Monday, November 7, 2011

Most Common Uses of Special Power of Attorney

A special power of attorney becomes necessary in situations that require legal authorization to act as an agent for another person. This could be to authorize someone to handle banking transactions, business affairs, sell real estate or motor vehicles, or grant permission to a caregiver to obtain medical care for minor children.

Essentially, a special power of attorney can be written up for nearly any kind of transaction people perform. Privileges can be given to engage in real estate transactions; open or close bank accounts or transfer funds between accounts; manage financial investments; buy, sell, or trade business equipment and assets; or act as an agent to enter into negotiations with government organizations like the Internal Revenue Service.

Government bureaucracies, banks, and medical professionals cannot discuss information pertaining to you or your assets without written authorization. Nor, can a person enter into financial arrangements or make medical decisions without the appropriate power of attorney form.

It is advisable to have an attorney write up special power of attorney documents to ensure they contain appropriate legalese and are recorded through courts, if necessary. However, people can write their own POA documents using preformatted templates that only require filling in the blanks. At minimum, it's a good idea to have lawyers review self-written forms to make certain they will be valid in a court of law.

Each POA form includes the name of the person executing the document, known as the 'Principal' and the person authorized to act as the 'Agent' or 'Attorney-in-Fact.' The latter term sometimes confuses people because they assume it refers to a lawyer. However, agents do not have to be lawyers or have any connection to the legal field.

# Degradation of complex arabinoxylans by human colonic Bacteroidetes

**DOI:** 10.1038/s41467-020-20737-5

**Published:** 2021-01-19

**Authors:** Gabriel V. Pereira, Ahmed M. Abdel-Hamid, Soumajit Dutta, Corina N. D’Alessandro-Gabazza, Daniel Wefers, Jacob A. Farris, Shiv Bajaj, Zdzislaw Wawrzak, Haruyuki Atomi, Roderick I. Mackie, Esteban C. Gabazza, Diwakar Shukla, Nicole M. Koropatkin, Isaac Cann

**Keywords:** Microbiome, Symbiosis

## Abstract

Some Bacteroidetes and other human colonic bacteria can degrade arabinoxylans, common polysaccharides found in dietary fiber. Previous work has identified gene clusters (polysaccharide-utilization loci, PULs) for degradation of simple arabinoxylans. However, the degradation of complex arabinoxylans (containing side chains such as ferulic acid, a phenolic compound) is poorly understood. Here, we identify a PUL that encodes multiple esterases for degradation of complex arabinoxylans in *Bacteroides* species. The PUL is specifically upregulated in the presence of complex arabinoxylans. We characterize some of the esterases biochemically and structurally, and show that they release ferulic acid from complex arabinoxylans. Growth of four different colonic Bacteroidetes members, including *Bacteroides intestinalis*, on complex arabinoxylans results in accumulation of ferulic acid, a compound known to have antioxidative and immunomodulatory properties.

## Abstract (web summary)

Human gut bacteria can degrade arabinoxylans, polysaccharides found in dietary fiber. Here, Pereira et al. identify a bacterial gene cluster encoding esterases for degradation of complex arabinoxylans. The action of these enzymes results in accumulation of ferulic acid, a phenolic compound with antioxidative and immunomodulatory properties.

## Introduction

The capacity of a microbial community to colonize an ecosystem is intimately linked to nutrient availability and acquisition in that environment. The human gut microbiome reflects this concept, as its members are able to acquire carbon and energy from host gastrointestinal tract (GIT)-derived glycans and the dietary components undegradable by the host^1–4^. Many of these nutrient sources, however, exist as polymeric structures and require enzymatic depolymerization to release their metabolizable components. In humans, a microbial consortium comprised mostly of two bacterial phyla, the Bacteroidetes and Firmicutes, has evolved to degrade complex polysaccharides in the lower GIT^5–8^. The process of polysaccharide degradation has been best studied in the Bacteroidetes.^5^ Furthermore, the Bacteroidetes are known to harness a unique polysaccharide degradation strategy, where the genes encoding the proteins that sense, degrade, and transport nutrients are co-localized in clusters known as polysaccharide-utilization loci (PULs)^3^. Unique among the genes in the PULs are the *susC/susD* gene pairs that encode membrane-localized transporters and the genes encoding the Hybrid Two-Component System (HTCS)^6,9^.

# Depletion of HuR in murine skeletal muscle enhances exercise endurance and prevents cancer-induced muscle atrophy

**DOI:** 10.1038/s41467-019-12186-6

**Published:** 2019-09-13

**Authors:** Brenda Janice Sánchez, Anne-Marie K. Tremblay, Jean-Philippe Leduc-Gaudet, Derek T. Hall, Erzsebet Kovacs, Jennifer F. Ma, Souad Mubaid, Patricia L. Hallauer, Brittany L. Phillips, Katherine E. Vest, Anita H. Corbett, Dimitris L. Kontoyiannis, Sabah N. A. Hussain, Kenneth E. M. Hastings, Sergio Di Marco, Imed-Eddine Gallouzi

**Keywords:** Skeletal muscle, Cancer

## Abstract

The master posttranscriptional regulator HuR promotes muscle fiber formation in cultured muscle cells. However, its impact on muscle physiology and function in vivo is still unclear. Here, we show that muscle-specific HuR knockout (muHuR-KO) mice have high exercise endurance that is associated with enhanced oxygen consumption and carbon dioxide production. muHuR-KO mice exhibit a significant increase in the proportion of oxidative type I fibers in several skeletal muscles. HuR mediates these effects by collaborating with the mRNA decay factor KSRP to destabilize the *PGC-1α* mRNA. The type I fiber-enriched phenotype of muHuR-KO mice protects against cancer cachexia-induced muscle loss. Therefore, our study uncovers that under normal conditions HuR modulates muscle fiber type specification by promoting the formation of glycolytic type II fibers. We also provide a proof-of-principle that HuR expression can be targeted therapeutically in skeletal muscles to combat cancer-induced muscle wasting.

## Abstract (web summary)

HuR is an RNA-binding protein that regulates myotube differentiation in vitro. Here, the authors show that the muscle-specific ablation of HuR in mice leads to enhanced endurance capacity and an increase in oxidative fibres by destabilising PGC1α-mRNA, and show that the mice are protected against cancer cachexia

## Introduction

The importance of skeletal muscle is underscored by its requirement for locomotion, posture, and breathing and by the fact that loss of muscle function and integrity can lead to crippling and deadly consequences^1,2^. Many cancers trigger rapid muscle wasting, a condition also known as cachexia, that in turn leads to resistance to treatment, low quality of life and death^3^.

One of the more common uses of special POA documents is to authorize agents to conduct real estate transactions. Investors use this form to permit realtors to buy or sell investment properties. They also use this document to grant property management groups the right to manage rental properties and collect rent monies.

Another use of real estate POA is when homeowners need to authorize construction companies to purchase materials to build or renovate their home. Lastly, this form can be used to transfer real estate utilizing 1031 exchanges.

Business owners need to establish special power of attorney to authorize agents to conduct certain types of business transactions. These could include buying, selling, or trading business assets, business notes, or real estate, as well as taking part in joint ventures with partners.

Individuals that need others to manage investment accounts will have to setup power of attorney forms. Privileges can include: making deposits and withdrawals into investment accounts; managing mutual funds, Keogh's, and IRA's; or working with investment firms and stock brokers.

Taxpayers that owe the IRS back taxes and hire an organization to negotiate for them will have to assign POA privileges. These powers can authorize agents to respond to IRS notices; prepare tax returns; acquire 4506 tax forms; or work with the IRS to lessen outstanding balances or setup a payment plan.

Last, but not least, special power of attorney is frequently utilized with estate planning methods to grant privileges for engaging in proceedings related to estate settlement. It is best to speak to an estate planner or probate lawyer to ensure proper forms are filed.